The Mokelumne river
October 20, 2020

Safe Harbor Agreement

In 2006, we became the first landowner to enroll in California’s first regional Safe Harbor Agreement – a voluntary partnership intended to enhance habitat for threatened species in a specific area. The agreement was the Lower Mokelumne River Programmatic Safe Harbor Agreement and, quite simply, if we restored and maintained the dense riparian forests ideal for the Valley Elderberry Longhorn Beetle along the stretch of the Mokelumne River at the River Ranch, we would be provided certain regulatory assurances so we could continue our farming activities.

The first step we took was specifying the area that we would enroll in the agreement and then we worked with the committee to determine the activities we would take to create healthy native riparian plant communities that included elderberry bushes. We committed to planting native species typical of the canopy, sub-canopy, shrub, and herbaceous layers found in our area, and limit pest management within the restored area, and maintain for the years to come.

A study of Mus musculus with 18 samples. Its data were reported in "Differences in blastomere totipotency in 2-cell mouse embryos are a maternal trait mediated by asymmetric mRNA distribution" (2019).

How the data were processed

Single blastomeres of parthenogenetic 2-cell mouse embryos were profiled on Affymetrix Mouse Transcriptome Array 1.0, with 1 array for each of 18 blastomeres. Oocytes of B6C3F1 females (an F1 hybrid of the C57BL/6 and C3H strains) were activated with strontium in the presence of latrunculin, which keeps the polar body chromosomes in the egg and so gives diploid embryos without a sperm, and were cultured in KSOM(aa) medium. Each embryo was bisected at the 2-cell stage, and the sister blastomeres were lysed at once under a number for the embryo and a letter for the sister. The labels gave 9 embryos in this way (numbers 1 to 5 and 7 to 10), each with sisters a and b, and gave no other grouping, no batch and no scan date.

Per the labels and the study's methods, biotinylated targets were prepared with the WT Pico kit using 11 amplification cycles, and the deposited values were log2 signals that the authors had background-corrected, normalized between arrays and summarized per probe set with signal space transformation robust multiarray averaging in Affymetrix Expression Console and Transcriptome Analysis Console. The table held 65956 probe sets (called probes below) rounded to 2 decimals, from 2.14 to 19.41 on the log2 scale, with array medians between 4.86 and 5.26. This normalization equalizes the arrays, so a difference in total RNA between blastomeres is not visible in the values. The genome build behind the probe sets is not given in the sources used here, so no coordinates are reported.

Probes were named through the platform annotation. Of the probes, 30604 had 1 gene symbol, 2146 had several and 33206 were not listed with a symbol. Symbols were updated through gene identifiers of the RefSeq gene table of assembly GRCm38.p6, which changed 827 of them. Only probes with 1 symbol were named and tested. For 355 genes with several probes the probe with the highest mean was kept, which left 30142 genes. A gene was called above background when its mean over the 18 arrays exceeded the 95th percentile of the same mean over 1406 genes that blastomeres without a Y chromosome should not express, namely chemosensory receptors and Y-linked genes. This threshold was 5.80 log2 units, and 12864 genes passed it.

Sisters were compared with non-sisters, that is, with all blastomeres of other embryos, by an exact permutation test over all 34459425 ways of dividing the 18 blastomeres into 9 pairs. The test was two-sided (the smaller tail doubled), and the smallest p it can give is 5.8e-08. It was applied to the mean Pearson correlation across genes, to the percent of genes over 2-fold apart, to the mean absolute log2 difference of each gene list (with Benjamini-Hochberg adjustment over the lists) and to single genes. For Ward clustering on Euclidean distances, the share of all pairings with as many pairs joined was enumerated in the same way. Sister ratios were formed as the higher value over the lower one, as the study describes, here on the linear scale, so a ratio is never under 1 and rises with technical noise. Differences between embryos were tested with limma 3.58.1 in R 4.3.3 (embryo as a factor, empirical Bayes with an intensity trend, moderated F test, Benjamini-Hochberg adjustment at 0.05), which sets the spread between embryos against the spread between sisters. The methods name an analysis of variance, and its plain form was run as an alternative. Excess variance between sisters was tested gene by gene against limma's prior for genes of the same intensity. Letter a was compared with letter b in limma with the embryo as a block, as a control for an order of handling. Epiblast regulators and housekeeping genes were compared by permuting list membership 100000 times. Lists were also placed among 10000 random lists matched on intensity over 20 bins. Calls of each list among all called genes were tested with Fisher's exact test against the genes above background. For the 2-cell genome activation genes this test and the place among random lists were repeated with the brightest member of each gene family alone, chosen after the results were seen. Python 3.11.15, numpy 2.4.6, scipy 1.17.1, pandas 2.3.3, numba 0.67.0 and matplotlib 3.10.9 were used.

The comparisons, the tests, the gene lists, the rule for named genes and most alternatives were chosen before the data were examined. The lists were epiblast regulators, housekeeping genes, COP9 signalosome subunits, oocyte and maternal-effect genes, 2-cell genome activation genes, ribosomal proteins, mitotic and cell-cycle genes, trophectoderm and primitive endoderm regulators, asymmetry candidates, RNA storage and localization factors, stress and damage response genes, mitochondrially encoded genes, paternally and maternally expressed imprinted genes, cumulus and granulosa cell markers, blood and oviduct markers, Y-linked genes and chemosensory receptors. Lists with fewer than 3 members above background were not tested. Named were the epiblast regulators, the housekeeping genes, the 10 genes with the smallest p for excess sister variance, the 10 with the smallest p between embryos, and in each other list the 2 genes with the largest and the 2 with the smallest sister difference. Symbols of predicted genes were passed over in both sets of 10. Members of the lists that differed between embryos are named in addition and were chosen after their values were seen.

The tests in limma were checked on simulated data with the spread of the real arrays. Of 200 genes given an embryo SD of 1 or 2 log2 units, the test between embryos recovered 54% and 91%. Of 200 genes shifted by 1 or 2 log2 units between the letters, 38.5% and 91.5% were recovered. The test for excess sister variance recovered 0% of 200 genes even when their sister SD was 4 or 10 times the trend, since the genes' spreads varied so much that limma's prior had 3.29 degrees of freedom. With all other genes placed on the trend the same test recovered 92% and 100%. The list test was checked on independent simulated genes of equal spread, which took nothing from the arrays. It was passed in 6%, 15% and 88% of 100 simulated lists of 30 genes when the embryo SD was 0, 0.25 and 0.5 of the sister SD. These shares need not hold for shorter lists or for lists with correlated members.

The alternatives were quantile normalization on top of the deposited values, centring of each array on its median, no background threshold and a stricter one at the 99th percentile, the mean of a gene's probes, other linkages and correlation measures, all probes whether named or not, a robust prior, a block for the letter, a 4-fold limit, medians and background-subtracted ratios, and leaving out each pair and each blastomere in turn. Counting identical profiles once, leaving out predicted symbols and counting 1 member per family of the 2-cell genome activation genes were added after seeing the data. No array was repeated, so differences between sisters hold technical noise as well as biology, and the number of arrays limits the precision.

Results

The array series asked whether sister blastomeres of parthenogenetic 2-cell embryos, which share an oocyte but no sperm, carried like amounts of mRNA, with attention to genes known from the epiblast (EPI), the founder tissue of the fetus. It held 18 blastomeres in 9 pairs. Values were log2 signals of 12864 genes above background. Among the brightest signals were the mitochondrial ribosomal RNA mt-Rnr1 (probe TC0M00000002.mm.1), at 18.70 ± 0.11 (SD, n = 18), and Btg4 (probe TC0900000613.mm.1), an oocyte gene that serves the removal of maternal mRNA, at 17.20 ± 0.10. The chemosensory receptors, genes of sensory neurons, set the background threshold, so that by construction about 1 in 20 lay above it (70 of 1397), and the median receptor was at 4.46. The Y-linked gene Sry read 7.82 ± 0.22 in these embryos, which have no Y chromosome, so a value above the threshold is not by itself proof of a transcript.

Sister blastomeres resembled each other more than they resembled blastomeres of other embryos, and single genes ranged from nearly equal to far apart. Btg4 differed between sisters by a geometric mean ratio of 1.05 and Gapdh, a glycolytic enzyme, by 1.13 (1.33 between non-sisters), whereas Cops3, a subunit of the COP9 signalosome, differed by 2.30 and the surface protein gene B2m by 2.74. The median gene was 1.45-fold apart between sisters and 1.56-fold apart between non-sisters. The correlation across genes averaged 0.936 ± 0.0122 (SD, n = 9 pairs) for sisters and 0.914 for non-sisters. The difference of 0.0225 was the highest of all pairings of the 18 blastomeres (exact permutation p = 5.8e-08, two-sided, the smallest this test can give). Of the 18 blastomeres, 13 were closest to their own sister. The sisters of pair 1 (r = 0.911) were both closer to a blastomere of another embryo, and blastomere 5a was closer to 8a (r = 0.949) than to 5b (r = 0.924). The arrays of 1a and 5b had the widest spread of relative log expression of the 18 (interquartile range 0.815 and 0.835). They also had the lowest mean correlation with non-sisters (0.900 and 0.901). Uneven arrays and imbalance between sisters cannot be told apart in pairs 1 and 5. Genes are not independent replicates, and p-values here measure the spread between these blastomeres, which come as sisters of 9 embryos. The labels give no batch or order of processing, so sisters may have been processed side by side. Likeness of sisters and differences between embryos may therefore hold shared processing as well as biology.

So how often do we see Valley Elderberry Longhorn Beetles? When we look hard during March-July. The female beetle lays her egg on the outside of the elderberry bush, and when the eggs hatch the larvae bore into the stem, where they feed on pith and develop, which can last up to two years! After pupating, the adults create holes to exit, feed on the elderberry leaves and flowers, mate, and lay eggs.

For us, it just made sense for us to participate, and for the California Association of Resource Conservation Districts and the US Department of Interior, Fish and Wildlife Service, this was an opportunity to help the Valley Elderberry Longhorn Beetle which is a threatened species, and improve the area for a host of other native species including migratory birds, raptors, and several mammals.